The Most Dangerous Dividends on Earth

The older I get, the more persuaded I am by the truth in a familiar maxim: It’s easier for a leopard to change its spots than a person or institution to change its ways.
Others see it differently: Leopards do change their spots; people and institutions do change their ways. breaking-bank
At least that’s my perception based on the rekindled love bestowed on the big nationwide banks. JPMorgan Chase (NYSE: JPM), Wells Fargo (NYSE: BAC) and US Bank (NYSE: USB) trade near all-time highs.  Citigroup (NYSE: C), Goldman Sachs (NYSE: GS) and Bank of America (NYSE: BAC) trade near multi-year highs.
In late 2008, the aforementioned banks circled the drain. Dividends were slashed and billions of dollars of investment value were lost during the greatest financial crises (caused in large part by large banks themselves) since the Great Depression. Only through the grace of God and the Federal Reserve did these banks survive.
That was then, this is now.
After being slapped on the wrist and after having numerous bureaucratic fingers wagged in their direction, bankers learned a lesson – so we were told.
As the story goes, bankers are now contrite. The focus is no longer on leveraged bet-the-ranch trades to generate obscene year-end bonuses. It’s about value creation for shareholders. It’s about running a business conservatively to earn money to buyback shares and raise dividend payouts. It’s banking 101.
That’s the doe-eyed thesis investors stumble across when a pro-big-banking pundit pimps the income wonders of big-bank stocks.
But have the spots changed? JPMorgan suffered $6 billion in losses in derivatives to semantically “manage risk” in 2012. It also paid nearly $1 billion in fines to U.S. and U.K. regulators related to said risk management.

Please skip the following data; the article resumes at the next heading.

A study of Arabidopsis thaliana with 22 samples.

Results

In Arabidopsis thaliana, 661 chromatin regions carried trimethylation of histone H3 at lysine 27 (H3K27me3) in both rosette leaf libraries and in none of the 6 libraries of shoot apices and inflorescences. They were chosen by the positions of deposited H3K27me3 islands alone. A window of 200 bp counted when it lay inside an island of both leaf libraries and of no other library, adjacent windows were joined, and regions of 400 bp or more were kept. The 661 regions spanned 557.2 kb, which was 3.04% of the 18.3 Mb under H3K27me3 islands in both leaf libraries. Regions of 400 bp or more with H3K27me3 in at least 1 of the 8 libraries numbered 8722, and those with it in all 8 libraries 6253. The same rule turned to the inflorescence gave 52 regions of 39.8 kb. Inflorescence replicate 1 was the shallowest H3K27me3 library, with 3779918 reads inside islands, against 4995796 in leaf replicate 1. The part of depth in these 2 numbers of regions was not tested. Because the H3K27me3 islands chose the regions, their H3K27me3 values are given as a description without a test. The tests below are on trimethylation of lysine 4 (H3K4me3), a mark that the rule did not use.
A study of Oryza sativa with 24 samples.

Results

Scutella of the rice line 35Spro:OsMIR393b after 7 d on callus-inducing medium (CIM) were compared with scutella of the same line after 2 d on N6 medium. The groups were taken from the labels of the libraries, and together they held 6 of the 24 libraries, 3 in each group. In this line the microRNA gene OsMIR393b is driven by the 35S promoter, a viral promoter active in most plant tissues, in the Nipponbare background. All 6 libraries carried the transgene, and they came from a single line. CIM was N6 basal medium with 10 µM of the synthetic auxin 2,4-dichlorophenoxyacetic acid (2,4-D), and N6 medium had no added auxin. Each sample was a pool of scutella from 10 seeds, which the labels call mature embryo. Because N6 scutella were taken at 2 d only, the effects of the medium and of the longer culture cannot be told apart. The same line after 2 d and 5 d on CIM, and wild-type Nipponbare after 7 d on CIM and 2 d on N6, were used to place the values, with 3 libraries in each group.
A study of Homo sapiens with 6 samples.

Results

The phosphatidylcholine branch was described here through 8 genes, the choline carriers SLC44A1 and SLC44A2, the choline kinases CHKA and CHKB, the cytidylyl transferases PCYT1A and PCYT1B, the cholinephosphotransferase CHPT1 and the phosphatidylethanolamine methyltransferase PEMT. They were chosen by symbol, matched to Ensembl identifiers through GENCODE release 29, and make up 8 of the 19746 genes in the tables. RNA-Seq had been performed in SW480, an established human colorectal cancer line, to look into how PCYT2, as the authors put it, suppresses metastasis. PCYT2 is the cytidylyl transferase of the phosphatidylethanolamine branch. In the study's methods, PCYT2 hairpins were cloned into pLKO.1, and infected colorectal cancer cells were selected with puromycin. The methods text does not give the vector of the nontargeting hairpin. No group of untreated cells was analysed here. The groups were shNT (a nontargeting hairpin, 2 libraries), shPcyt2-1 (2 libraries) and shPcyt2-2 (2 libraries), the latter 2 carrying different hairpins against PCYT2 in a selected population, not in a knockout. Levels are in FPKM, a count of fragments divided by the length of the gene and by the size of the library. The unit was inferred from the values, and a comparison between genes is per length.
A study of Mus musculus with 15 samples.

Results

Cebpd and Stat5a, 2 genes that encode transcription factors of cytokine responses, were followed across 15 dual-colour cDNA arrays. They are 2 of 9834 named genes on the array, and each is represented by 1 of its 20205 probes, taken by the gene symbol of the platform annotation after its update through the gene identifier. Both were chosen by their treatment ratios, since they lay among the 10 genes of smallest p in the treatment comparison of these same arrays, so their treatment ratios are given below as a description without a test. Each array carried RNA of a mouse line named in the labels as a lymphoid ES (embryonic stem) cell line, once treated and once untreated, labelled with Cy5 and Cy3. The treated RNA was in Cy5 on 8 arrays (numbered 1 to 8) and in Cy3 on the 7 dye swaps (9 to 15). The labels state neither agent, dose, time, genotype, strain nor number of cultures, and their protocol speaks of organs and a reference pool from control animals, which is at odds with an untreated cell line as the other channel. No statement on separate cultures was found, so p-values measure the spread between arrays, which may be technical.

A 2013 bank exposé featured in The Atlantic provided a provocative quote from Paul Singer, who runs Elliott Associates.
“There is no major financial institution today whose financial statements provide a meaningful clue,” Singer wrote to his partners in 2012.
This week Reuters reported that big banks were lobbying the Federal Reserve to buy back more shares and raise dividend payouts. That’s all well and good, until you wander into the nettle of fine print. Much of the money for buybacks and higher dividends will come from issuing preferred stock, not from operating profits.
These banks, so desirous for permission to express shareholder-friendly bona fides, are essentially taking money from one set of investors and giving it to another – and at an added cost. The yield on preferred shares can be two percentage points or more higher than the yield on the common shares.
Issuing preferred shares to pay for common share dividends and buybacks is a symptom of a moribund banking system. Last year, banks in aggregate reported operating income of $151.2 billion, down 0.4% from the year before. To increase curb appeal to investors, many larger banks want simply to increase financial obligations. For common stock holders, higher dividends and higher EPS will be smoke and mirrors.
I’ve always believed size matters. As it relates to banking, smaller is better. Three of my favorite  banks are small, conservative operators serving hinterland markets. Their business is banking, not gaming the regulators. Borrow, lend, sell financial services, make money – that’s it.
City Holding Co. (NASDAQ: CHCO) is a West Virginia-based bank with a $650 million market cap that yields 3.6%. In nearby Kentucky, Community Trust Bancorp (NASDAQ: CTBI) sports a $565 million market cap and yields 3.7%. Texas-based Cullen/Frost Bankers (NYSE: CFR) is the whale among the small fry, with a $4.4 billion market cap. Cullen/Frost yields 3%.
All three maintained their dividends during the 2008 market meltdown. All three continue to grow their dividend annually. Their dividends are funded by operating profits.
Boring? Probably. But with banking, the degree of titillation matters as much as size. Less is better.